Supporting the IPF as a club by raising money or raising awareness of catastrophic injuries in rugby can have a huge impact on the lives of the injured players we support and the research we fund. Find out how you can make a difference to the rugby family this season!

We need supporters like you to get on your bike to raise money to help injured rugby players this summer by taking part in the 2018 Prudential Ride London. Places are available now on a first come first served basis, so don’t delay and apply today.

As the Winter Olympics come to a close, a group of catastrophically injured rugby players will take part in an adapted skiing course this March on the slopes of Andorra as part of the new IPF Engage Programme.

In 1993 Stuart Birt was away from home dealing with a fire at his firm’s factory when someone called him to say his 18-year-old son had been airlifted to Stoke Mandeville Hospital from an inter-house rugby match at school.

We urgently need runners to fill empty places in half marathons & 10k’s to raise money in support of injured players this spring. Places are available now in the Brighton Half Marathon, The London Landmarks Half, the Big Half, & the Vitality London 10,000.

We recently completed a set of short films with the help of a number of injured rugby players supported by the charity, giving an insight in to the impact of a catastrophic injury and how the IPF can help when this happens.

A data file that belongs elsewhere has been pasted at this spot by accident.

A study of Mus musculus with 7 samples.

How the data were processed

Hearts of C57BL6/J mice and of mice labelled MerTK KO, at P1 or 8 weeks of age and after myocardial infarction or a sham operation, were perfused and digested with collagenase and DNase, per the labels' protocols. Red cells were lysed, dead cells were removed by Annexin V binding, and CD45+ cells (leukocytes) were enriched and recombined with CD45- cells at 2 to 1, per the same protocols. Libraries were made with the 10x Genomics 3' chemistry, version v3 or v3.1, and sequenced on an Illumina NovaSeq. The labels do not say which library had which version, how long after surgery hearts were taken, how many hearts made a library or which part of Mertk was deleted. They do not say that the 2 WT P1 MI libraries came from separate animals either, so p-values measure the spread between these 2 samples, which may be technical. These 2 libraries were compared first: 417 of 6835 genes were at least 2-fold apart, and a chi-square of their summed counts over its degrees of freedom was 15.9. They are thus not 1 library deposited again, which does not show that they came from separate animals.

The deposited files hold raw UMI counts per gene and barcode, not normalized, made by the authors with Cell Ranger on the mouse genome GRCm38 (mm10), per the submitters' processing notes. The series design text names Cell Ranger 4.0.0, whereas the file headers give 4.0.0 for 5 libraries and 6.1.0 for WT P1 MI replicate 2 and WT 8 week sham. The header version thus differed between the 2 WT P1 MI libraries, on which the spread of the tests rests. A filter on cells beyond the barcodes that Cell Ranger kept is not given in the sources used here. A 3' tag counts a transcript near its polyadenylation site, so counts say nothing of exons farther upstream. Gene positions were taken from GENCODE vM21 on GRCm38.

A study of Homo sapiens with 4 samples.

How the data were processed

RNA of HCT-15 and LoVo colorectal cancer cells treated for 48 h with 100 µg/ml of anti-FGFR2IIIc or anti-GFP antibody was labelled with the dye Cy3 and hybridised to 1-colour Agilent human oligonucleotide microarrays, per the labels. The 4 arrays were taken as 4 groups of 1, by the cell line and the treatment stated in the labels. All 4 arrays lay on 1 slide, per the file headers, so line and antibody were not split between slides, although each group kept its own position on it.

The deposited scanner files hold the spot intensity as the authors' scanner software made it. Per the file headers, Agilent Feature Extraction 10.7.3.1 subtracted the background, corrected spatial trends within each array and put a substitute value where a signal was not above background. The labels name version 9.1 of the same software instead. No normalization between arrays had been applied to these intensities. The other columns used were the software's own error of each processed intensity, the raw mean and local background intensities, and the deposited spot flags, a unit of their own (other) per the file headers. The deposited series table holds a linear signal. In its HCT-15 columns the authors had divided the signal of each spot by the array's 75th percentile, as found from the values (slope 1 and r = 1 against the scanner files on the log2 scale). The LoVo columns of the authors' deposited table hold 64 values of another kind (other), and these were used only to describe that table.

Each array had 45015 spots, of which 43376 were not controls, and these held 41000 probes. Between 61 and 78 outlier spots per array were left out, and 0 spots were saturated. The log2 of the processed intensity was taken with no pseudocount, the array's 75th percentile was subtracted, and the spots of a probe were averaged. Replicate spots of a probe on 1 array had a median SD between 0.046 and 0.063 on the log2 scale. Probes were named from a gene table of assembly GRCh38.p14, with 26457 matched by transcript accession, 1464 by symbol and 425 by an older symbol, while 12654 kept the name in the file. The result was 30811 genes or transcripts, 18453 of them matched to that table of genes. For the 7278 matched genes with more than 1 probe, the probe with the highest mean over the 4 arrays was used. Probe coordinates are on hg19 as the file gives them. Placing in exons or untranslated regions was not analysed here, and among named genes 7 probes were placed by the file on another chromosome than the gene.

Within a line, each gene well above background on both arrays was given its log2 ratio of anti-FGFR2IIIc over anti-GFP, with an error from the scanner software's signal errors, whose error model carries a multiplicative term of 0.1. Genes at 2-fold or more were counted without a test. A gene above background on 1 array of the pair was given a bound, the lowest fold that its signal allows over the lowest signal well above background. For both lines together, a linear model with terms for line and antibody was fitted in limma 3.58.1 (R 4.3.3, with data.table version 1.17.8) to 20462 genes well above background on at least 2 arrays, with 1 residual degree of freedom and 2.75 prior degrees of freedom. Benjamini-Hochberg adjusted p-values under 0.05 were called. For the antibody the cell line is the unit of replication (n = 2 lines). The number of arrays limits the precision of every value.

It was a double celebration as 22-year-old Harry Langley heard that he had been selected for the Great Britain Wheelchair Rugby talent squad and cheered England on to a 30-6 victory against the Wallabies.

Mark Bowen visited the IPF Box to watch England v Argentina in the Old Mutual Wealth Series during the Autumn Series and agreed to give the IPF an insight in to his story.

At every England home match at Twickenham the RFU Injured Players Foundation hosts rugby players with catastrophic and life-changing injuries sustained playing the game, in the charity's adapted hospitality box. Discover what happens on a match day inside the box.

To launch his biography, one of rugby’s most iconic players, Budge Rogers OBE, will be holding a book signing at Twickenham Stadium before the New Zealand v Barbarians match, with £1 from every copy sold donated to the IPF by Pitch Publishing.

When you support the IPF with your club or by taking on a challenge, you make a huge difference to the lives of injured rugby players across England. Find out how you can make a difference to the rugby family this season!

Gordon Dale, who served with the Royal Air Force and was injured playing rugby in 1985, is still very much part of the Injured Players Foundation family although now living in the land of the long white cloud.

Latest News

  • IPF Client voted Club Chairman

    Lee Jones, who was injured playing for his club Silhillians RFC in 2016 aged 35, was unanimously voted to be his club’s chairman at the most recent AGM.


    When The Duke of Cambridge and The Duke of Sussex played in the 2019 King Power Royal Charity Polo Day, it was to raise awareness and funds for charities they support including the RFU’s Injured Players Foundation.


    21 volunteers took on the Vitality London 10,000 as part of the IPF Team, including injured player Dani Watts who completed the race in a wheelchair alongside members of her rugby club, family and friends.


  • KJ's Story

    "There wasn’t a single day that the IPF and the club weren’t there for me. It has made me appreciate rugby even more.”


    “Life is not the same as it was but a million times better than it could have been."


    "The most important thing has been the personal approach, the IPF became our extended family.”